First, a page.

L’AUDACE: The Impressive Chutzpah Of Dorothy Jackson

“Il nous faut de l’audace, et encore de l’audace, et toujours de l’audace.”

– French revolutionary Georges Danton

 

Georges Danton’s famous quote, which has been attributed to various other historical figures, touts the benefit of audacity and boldness in life’s pursuits.

It seems, whether she even knows who Danton was, that Southern University law professor Dorothy Jackson, currently on suspension for her role in the Helen Plummer fiasco, is a devotee of the disfigured Girondist hero. Whatever l’audace is, Jackson surely possesses a surfeit of it

Embattled and suspended Southern University Law Professor Dorothy Jackson wants $10,000 for her services after she drafted a will that was called into question for an elderly client at the Council on Aging.

Those revelations were revealed in court today at a hearing over Helen Plummer’s estate. As recent as last week, an email chain went out from the paralegal of a court appointed executor saying they received an invoice from Jackson.

That email reads, “…She (Dorothy Jackson) submitted a claim for attorneys fees of $9,000 and court costs of $1,000. She is willing to not get paid her $9,000 if we just reimburse her the court costs that she advanced of $1,000. If all don’t agree then David Koch will have to file a formal motion with the court and that will incur David’s attorneys fees and court costs of probably about $500. We are thinking that it is not worth those fees and to pay Dorothy the $1,000 that she advanced for court fees.”

Jackson got into trouble after she wrote the will for Helen Plummer who was attending the East Baton Rouge Council on Aging. That will would have benefited the Executive Director of the COA, Tasha Clark Amar to the tune of over $100,000. Today, we learned how much Jackson wanted for her role in it.

“It’s shocking to me because it was brought to us that this was done at the Southern University Law Center Elder Law Clinic for the indigent,” Tracie Davis, Helen Plummer’s granddaughter said. “Those services are supposed to be free. I’m not understanding why now there’s a bill or request for reimbursement.”

Now there’s a bill because Jackson is running short on cash, obviously. And she’ll take whatever she can grasp.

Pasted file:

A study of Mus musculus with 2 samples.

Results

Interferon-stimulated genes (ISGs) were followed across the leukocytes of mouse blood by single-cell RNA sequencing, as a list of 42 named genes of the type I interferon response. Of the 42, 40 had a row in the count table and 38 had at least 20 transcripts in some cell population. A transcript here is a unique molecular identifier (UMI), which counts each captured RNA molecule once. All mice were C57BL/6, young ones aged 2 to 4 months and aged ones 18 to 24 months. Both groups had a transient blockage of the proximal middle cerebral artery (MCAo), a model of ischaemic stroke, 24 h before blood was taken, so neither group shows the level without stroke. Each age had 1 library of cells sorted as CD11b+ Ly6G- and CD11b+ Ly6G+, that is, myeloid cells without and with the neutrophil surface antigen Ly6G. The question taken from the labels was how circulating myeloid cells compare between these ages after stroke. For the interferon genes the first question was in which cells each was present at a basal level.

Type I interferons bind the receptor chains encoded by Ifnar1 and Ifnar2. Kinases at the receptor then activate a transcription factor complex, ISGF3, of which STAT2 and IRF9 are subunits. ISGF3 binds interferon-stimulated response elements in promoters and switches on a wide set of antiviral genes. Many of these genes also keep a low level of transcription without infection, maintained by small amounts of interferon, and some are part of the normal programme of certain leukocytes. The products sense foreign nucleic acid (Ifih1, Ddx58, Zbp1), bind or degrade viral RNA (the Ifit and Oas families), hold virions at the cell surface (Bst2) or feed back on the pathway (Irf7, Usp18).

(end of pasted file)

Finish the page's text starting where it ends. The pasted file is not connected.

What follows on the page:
What makes this an especially interesting story are the reactions of the Plummer family’s attorney, who comes from Metairie to take their case since all the Baton Rouge lawyers are terrified to represent them against the political machine of Judge Janice Clark, the mother of COA director Tasha Clark Amar who cooked up the scheme to write herself into Helen Plummer’s will. We love this guy…

“The dilemma these people face is once again they are hiding the baby, like a king cake,” Robert Garrity, the Plummer Family attorney said. “Mr. Koch got a letter from Ms. Jackson, but now he can’t show the letter because it’s confidential. It’s a request for fees charged against the estate. It should be filed in the record.”

Garrity is from the New Orleans area and is now representing the Plummer family. He says he’s never seen anything like this case before in his decades practicing law.

“I’m from Jefferson Parish, we have our problem with corruption alright,” Garrity said. “This is insane. This is absolutely unbelievable that it’s even being entertained. When you turn the light on, cockroaches run. I don’t understand why we are still here. There’s not a single person in Baton Rouge that believes this will is legitimate.”

But here’s the punch line, and frankly, the truest thing which could be said about the entire Helen Plummer mess – almost five months on since it first came to light…

“I don’t understand why the District Attorney is not involved in this case,” Garrity said. “This is fraud and corruption, and it’s fraud and corruption involving the elderly which makes it even worse.”

For certain. It’s unquestionable at this point that we need the District Attorney’s office – or that of the Attorney General – to start matching the COA crooks like Jackson in l’audace.

Danton, after all, got himself executed after a career of violence and corruption – and that was a good thing. All we need here is a criminal investigation and a few indictments. That’s not too much to ask, is it?